South London’s Innovation Clusters
New analysis, commissioned by BIG and the London Borough of Richmond upon Thames, looked at the economies of the South London Partnership (SLP) boroughs – Croydon, Kingston upon Thames, Merton, Richmond upon Thames and Sutton – and the sector clusters within them.
Will Cookson, Director for Communities and Government, Lightcast, presented the findings in a keynote speech, he said: “It’s all a work in progress but we’ve brought an evidence base to inform some of the priorities that need to be made.”
He spotlighted the partnership’s general strengths – passenger transport, civil engineering, creative and professional services – as well as those for specific boroughs with Croydon having a ‘location quotient’ of three times the national average for passenger transport. Richmond’s strengths lay in creatives, health and care, Kingston’s in retail and Sutton’s in travel.
Four high-potential clusters across South London were singled out for a deep dive, with a cluster defined as “a group of specialised industries, which are linked by how they locate the skills that they require in order to prosper and also their interactions with other supply chains”.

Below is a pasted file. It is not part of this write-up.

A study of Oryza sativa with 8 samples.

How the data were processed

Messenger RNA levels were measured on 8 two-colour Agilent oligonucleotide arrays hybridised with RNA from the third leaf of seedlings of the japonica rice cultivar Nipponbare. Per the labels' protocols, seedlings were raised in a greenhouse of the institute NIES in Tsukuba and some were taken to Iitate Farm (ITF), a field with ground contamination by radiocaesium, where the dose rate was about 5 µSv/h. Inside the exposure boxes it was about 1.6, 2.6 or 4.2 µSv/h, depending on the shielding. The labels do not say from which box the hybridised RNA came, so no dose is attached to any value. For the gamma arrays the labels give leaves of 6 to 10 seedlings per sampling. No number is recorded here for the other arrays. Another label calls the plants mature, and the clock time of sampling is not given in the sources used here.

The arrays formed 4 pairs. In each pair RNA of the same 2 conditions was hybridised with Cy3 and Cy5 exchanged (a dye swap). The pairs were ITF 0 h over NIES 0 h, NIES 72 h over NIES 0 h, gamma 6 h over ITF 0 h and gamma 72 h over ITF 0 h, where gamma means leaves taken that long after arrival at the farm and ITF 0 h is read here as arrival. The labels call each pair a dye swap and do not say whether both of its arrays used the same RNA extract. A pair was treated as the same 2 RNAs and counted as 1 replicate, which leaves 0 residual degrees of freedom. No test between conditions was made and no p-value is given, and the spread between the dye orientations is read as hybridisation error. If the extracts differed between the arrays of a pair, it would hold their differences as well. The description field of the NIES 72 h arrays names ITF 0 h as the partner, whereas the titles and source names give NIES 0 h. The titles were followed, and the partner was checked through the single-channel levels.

They include a health cluster which Mr Cookson said was “the most developed cluster of the four,” adding: “It’s really labour intensive and creates a high volume of jobs for the area. The main challenge is around workforce recruitment and skills, which is probably not hugely surprising.”
The life sciences cluster is the “least developed” but “one of the biggest opportunities for the area” with Richmond and Kingston standing strongest to “turn this cluster into an opportunity for the overall area with collaboration and partnership”.
“The creative cluster has really huge potential as a strength for the area, particularly in relation to advertising and market research, with concentrations in Wandsworth, Richmond and Merton,” Mr Cookson said. “Opportunities for collaboration have been identified with Southwark and Lambeth businesses.”
Regarding construction, he added, “there’s a particular strength across the geography in terms of civil engineering and a wide range of activities, which makes it harder in some ways to coordinate and find that common theme”.